Dear Anthony Bourdain,
I’m really sorry to inform you of this, but I think we have to break up. Kevin Pang has ruined me for you.
A food writer for the Chicago Tribune, Pang has covered an entire range of Chicago cuisine, but his heart belongs to the cheeseburger, and he’s channeled this devotion to the classic meat sandwich into an epic web series spotlighting the finest in the city’s cheeseburger creation. And it’s really, really good. Let me be clear about this — I’m a vegetarian who hasn’t had a cheeseburger since maybe 1996. And yet I still find The Cheeseburger Show to be educational and entertaining on a level with the best programming in this medium.
The Cheeseburger Show doesn’t seem to have any rules for its format — while sometimes this means episodes stretch as long as 11 minutes, there’s rarely any drag time, as we jump quickly from reality sketch to interview to hamburger review. While the show’s production values are definitely professional (Cheeseburger Show is a Tribune production), the show maintains an indie edge that keeps its voice fresh, never feeling like a corporate production.
And Pang is the secret ingredient, the bun holding the meat of the show together. Each episode opens with Pang out in the world, causing some sort of cheeseburger-related trouble: In the first episode, Pang uses his ethnicity to play ignorant tourist and learn what cheeseburgers random Chicagoans would recommend to strangers, while in the second he showcases the “legendary” customer service of Chicago’s Wieners Circle with literally laugh-out-loud results.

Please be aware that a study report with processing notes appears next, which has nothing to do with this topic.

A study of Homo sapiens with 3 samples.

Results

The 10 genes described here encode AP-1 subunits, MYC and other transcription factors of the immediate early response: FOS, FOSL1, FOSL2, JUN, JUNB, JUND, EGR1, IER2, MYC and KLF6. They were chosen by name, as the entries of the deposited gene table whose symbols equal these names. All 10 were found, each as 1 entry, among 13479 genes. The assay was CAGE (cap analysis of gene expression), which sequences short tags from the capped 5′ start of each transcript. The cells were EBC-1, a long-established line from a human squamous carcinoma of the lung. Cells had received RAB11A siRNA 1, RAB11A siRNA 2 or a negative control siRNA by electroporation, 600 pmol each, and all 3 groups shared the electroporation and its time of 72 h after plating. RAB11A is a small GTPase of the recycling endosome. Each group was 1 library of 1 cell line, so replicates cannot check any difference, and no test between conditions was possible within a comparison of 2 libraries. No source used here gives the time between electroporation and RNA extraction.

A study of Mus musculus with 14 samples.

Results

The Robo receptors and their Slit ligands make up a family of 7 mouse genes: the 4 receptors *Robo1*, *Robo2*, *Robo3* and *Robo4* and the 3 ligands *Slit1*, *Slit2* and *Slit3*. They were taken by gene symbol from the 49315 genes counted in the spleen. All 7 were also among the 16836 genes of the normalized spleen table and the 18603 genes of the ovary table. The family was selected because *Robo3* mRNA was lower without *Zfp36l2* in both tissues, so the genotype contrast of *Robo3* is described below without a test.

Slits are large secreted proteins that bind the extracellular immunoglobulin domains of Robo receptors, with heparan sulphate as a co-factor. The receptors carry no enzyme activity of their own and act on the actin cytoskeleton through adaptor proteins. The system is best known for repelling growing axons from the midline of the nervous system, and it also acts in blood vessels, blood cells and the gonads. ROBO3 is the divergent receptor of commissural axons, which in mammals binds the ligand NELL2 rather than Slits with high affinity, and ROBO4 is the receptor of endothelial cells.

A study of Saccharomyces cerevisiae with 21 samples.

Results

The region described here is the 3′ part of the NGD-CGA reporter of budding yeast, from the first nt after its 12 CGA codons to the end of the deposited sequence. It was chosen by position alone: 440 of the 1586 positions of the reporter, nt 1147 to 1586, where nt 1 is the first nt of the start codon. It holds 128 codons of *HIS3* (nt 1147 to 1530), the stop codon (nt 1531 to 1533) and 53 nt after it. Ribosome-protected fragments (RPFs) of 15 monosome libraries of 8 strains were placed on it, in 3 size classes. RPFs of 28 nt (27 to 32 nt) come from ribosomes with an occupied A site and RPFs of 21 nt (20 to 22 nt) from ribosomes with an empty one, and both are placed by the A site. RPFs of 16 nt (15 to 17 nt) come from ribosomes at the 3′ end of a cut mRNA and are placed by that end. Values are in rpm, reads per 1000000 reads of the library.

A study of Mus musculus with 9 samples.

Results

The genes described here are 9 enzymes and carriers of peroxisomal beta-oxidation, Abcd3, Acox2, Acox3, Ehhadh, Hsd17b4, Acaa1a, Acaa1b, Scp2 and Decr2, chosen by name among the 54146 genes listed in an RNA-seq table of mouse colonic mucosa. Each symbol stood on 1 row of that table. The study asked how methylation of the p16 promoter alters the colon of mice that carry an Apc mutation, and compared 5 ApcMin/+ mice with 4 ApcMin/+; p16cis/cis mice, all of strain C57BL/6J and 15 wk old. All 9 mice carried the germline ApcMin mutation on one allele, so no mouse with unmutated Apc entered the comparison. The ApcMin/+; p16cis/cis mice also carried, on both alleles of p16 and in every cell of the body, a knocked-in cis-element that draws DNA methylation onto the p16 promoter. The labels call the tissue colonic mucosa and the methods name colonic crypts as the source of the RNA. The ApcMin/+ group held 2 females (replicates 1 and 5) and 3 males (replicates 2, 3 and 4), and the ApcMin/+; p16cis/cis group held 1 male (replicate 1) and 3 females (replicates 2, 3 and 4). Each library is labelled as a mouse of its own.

But he’s also a savvy food critic with a discerning eye for quality ingredients and preparation, profiling restaurants with unique spins on the cheeseburger format. His on-camera reviews are occasionally lacking in complexity, featuring a lot of “the grilled onions are nice”-esque commentary and comparing the cheese on one burger to the spreadable cheese from a Kraft Handi-Snacks. But you can hardly blame him for, occasionally, running out of things to say about burgers.
While there hasn’t been a new Cheeseburger Show for over a month, thankfully, the show’s official Twitter feed announced that six more episodes have been commissioned. We’ll see how long it lasts, though. Because the truth is that such a niche show is limited in its scope; eventually, Pang will either have to consider cheeseburger options outside of Chicago or shut the project down.
And although his devotion to his subject matter is clear, I have to admit to being quasi-hopeful that he considers taking on other topics. Not because I hate cheesburgers, but because The Cheeseburger Show represents one of the great truths in food TV: It’s the perspective that matters, not the cuisine. And I’d be more than interested to find out what else he has to say.